Published in The Delaware Gazette July 7 , 2012
Everywhere you look on the farm and in the gardens at Stratford Ecological Center on Liberty Road you see a wide variety of growing plants. The diversity is refreshing. Most things were planted under agreeable conditions by late May, but June has been a tough growing month, with its record high temperatures and dry conditions.
An abundance of well water and diligent watering has helped to keep the vegetables growing and producing the first of the summer bounty. A very early and prolific variety of zucchini, good for stuffing, aptly named a globe or bell zucchini, has been producing dark green, softball size, flavorful offspring all month.
The greenhouse plastic cover needed replacing and it was removed entirely. We planted the now exposed beds with the hope that Mother Nature would take care of the watering. Plantings include a green-skinned tomatillo, with a lemon flavor, to be used in green salsa. Tomatillos are related to the cape gooseberry and can be sour or sweet. Tomatillos are a staple in Mexico, where the green variety is called tomato verde or green tomatoes. The red and purple tomatillos are sweeter and like all tomatillos are high in pectin and make good jams and jellies.
In the Giving Garden, where the produce is grown for People in Need, cabbages and broccoli are occupying one raised bed. The cabbages are very leafy but not yet filling out into coleslaw-favored heads. The broccoli is also finding it too hot to form large heads, but by clipping off the head the plant will develop tasty side flowers. The young campers have been picking off caterpillars using the cabbage as host plants.
Every Friday the campers hold their own “Farmer’s Market.” This is a great opportunity to expose parents to their source of food. A favorite activity is to take parents into the orchard to the hen house and collect the eggs they eventually buy. The “experienced” week-long campers offer their hands to reassure parents they have nothing to fear.
The corn in field #1 will not be knee high by the fourth of July. This is disappointing as the seed was supplied to us, as part of their ecological research, by Blue River Hybrids Organic Seed out of Iowa. They plan to hold their August Regional Meeting at Stratford to see the corn. The Company found us on the internet and called to see if we would be willing to participate. We planted six different varieties in the six acre field. Every two rows the variety changes and we were able to repeat the pattern five times. Because soil fertility varies, samples of each variety will be taken from their respective rows and mixed together to ascertain an average yield and fairer assessment of the seed.
The spring spelt in field #6 finally came up but it is still very short. The compacted dry ground became starved of oxygen and we tried to help by taking a rotary hoe through it, knowing that any moisture left in the ground would escape. The oats are at the milky stage and will make good hay if we cut soon while the nutrients remain in the stems. We are hedging our bets to ensure enough grazing and hay this year by erecting electric woven fences in the fields to control the animals.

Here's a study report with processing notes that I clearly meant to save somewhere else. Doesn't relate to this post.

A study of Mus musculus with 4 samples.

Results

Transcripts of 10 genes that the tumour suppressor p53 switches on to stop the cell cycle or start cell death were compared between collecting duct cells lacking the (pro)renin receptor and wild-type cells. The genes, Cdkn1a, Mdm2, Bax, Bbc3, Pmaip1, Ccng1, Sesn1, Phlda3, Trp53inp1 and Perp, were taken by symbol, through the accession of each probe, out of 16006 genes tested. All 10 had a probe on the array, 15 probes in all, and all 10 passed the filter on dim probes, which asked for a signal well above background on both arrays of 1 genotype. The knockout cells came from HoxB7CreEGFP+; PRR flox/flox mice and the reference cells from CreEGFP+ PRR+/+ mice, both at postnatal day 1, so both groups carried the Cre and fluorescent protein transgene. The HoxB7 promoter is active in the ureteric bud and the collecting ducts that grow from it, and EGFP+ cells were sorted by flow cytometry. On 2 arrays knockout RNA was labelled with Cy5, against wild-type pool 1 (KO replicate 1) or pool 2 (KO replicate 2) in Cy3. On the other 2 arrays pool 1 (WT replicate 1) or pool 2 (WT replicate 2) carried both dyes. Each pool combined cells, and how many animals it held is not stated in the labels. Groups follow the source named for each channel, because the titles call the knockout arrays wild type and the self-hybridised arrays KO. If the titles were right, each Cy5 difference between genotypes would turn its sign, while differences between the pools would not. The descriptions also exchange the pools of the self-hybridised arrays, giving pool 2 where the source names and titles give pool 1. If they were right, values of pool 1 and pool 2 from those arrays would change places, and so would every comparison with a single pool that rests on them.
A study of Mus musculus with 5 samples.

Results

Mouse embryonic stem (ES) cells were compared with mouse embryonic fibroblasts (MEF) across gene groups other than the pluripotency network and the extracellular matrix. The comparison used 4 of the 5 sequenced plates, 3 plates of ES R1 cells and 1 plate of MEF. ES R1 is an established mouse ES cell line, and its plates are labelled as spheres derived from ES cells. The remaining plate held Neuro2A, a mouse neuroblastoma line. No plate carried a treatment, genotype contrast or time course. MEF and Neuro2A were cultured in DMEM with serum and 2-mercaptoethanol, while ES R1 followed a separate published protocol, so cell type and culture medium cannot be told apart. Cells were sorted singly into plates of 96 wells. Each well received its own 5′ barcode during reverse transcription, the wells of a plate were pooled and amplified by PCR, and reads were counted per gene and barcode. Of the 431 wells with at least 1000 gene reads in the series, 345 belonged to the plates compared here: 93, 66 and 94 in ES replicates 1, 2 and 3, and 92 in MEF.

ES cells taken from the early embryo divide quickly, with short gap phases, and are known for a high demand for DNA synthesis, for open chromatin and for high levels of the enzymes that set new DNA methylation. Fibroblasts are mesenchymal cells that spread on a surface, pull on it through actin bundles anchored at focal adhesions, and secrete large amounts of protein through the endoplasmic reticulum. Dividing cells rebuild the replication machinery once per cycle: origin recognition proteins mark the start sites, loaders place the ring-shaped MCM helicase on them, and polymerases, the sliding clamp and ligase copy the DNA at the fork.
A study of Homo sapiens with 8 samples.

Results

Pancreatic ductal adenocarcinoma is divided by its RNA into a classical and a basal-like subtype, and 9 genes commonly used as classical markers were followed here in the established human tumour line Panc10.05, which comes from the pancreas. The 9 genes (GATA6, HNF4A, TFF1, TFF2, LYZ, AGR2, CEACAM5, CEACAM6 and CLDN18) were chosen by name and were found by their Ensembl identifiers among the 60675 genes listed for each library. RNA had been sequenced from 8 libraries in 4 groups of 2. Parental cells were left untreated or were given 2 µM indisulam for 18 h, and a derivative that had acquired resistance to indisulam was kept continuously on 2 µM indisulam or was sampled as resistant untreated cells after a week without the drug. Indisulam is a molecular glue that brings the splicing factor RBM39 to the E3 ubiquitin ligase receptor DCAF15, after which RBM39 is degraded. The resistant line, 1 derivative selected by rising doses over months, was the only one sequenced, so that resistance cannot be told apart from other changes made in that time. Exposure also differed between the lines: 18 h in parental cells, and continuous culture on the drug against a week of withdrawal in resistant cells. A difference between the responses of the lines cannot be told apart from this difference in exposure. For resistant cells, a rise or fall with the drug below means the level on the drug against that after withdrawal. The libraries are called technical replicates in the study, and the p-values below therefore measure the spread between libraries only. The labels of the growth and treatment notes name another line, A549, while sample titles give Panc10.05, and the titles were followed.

The campers and adults had a great time moving the pigs out to the South Pasture. They are allowed to return to the barn at will and en route one quiet Sunday spotted Farmer Jeff’s vegetable garden sprinkler. They found a weak spot in the fence and headed straight for the shower and the tender growth underneath. I don’t think they made it, but it was no easy task to shepherd them all back to their pen.
Stratford Ecological Center recently received a check for two thousand dollars. It all started through a new “Partnership” with the Columbus State Delaware Campus and Dr. Nancy Pine, an Instructor in the English Department. Her inaugural course “Pay It Forward Student Philanthropy Initiative” encourages her students to get involved and volunteer at a local non-profit organization. Stratford agreed students could work in the Giving Garden and submitted a bid to receive monies for the garden from a CSDC grant.
Five CSDC students, including four freshmen and a High School senior, started in mid April. Not only did they work in the Giving Garden, but they cheerfully planted sycamore trees on the steep stream banks one very wet Saturday morning. One afternoon they turned up, as if by magic, when we were desperate for help to plant. Another day two of them mucked out three pens, with only one having experienced the thrill before!
Jordan Murphy, the high school student, shared with me why they put in more than the required hours. They wanted to work in nature and were impressed to find the staff at Stratford wanted to be there for more than a pay check. They saw Stratford as a family and felt Jane Walsh, volunteer coordinator, was like a mom to them. The students also became a family and they enjoyed working together. They thought the Giving Garden PIN project was amazing. At the end of the course, all the students voted on the division of the grant monies, and Stratford scored highly. You can see a video the students made on YOUTUBE by searching “Stratford Pay It Forward.” Thanks Partners.
Please refer to our web site for a full list of July activities, including our second annual “Enchanted Evening,” on Saturday, July 21. This is an elegant summer evening on the lawn with hors d’oeuvres, carriage rides, star gazing, dinner and dancing to live music by the Grapes of Jazz, and Suzi Rapp with her wild friends from the Columbus Zoo.
“Farm Connection” is a monthly article connecting city folk to life on the Stratford Ecological Center farm. It is published on the first Saturday of the month on the farm and garden page of The Delaware Gazette.